The Ministry of Gender Equality and Child Welfare has largely been an invisible and voiceless entity during 2016, and therefore deserves an F grading.
Her detractors can be forgiven for thinking that Minister Doreen Sioka is asleep behind the wheel of this critical ministry.
As we all know, the country is plagued by gender-based violence (GBV). According to police statistics, a shocking 2,151 GBV cases were reported between January and November this year.
Of these, 1,038 were rape cases, 210 were incidents of attempted rape, while there were 58 murder cases and 58 cases of attempted murder recorded.
Sadly, in the midst of this unfolding national disaster, the gender ministry has been largely silent and irrelevant, when Sioka should have been leading the charge in creating a united front against the GBV scourge.
Even First Lady Monica Geingos has indicated that she is dissatisfied with the approach that the country is taking in terms of GBV.
One would think that because the issue is so critical, the ministry would channel most of its resources toward programs geared at combating and addressing GBV, with the hope that alcohol and drug abuse, as well as the deep-rooted stereotypes and cultural norms, which lead to women and girls being abused, can be tackled.
Instead, the ministry seems okay with the current status quo.
Earlier in the year, Deputy Minister of Gender Equality and Child Welfare, Lucia Swartbooi, reported that in previous years the ministry had not received any budget allocation to combat GBV, leading it to rely on donor support.
However, this support is dwindling, which in turn hampers consistency in terms of the implementation of programs dealing with gender equality activities in general, and GBV in particular.
This year, the ministry asked for about N$858 million for the 2016/17 financial year, citing that the bulk of the money will be used for programs aimed at catering for its continued support to orphanages and safe homes for gender-based violence victims.
This amount further includes a provision for social welfare grants to orphans and vulnerable children, providing subsidies to residential childcare facilities and managing shelters for abused women and children, as well as men.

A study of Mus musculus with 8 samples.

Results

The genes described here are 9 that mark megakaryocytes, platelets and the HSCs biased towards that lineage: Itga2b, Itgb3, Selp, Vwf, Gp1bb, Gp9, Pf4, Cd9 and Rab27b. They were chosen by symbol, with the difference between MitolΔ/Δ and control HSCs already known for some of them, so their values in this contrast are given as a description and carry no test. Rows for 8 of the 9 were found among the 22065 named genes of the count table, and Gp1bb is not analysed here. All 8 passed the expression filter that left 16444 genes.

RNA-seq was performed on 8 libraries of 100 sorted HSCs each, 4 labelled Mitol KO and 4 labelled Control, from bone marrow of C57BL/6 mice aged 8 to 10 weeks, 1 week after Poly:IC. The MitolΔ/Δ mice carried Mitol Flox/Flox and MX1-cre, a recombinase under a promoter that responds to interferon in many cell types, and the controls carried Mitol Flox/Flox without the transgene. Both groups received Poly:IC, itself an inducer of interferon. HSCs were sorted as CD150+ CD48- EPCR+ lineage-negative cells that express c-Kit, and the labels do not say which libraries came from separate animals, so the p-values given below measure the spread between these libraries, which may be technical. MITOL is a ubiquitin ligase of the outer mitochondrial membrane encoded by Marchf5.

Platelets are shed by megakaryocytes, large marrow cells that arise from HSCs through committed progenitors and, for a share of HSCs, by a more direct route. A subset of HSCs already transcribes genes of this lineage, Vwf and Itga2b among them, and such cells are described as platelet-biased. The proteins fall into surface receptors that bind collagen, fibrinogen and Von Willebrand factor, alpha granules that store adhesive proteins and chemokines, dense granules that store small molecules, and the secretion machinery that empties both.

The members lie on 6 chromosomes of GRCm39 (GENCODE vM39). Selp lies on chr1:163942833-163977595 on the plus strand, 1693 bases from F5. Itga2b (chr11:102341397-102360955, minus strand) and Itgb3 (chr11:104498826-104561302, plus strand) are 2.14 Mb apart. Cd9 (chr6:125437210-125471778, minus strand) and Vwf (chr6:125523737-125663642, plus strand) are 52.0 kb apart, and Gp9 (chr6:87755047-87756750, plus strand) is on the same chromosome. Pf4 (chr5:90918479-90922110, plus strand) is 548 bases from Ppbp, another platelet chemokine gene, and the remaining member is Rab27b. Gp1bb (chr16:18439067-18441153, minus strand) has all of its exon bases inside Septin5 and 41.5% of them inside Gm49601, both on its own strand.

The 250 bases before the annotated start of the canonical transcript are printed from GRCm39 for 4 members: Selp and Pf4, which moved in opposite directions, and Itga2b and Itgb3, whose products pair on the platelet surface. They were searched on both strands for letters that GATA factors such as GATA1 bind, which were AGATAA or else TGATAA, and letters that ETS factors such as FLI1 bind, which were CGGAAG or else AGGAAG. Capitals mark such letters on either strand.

Also on the list is the management of the operations of the Namibian Children’s Home and After School Centre, the implementation of policies, standards and guidelines, the provision of professional services and the monitoring and evaluation of child welfare programs.
At the beginning of the year, the ministry had planned to increase its advocacy and awareness at community level and its awareness campaigns on gender issues, including GBV, sexual reproductive health and HIV/AIDS.
This included plans to carry out legal literacy awareness campaigns on existing related laws, for people to know and claim their rights.
Despite all these plans, the situation seems to be getting grimmer and grimmer.
Earlier this year, the Legal Assistance Centre (LAC) also expressed its concerns about the rise in gender-based violence, citing that the scourge has reached epidemic proportions.
As a country we are failing on the GBV front and something needs to be done quickly, before the problem escalates even further.
In terms of orphans and vulnerable children, the ministry also seems to be found wanting.
There seems to be a noticeable number of street children around the country, especially in Windhoek.
In addition, the ministry is struggling with crucial personnel, such as social workers, with the few doing their best to deal with the massive workload, but seemingly failing.
About 106,930 girls and 97,232 boys received child grants last year.
When former Minister of Gender and Child Welfare, Rosalia Nghidinwa, was replaced, we really anticipated a big change within the ministry, because she was also largely invisible.
However, the only time we really see Sioka in the media is at carefully choreographed handover ceremonies, where she has been anything but vocal about the social issues that she is supposed to be dealing with.
The ministry is also in charge of income-generating programs, where it promotes self-employment, by financially assisting community projects countrywide, under its Community Empowerment Directorate.
This year, the ministry approved close to N$200,000 for 14 community projects in the Hardap region. Various community projects in all eight constituencies were approved for funding.
Although this in itself is laudable, N$200,000 for 14 projects in one region does not address the massive need across the country.
In 2017, we hope that Sioka and her team will finally arise from their slumber and become vocal and active in driving gender and other issues, especially those dealing with suffering of women and girls across Namibia.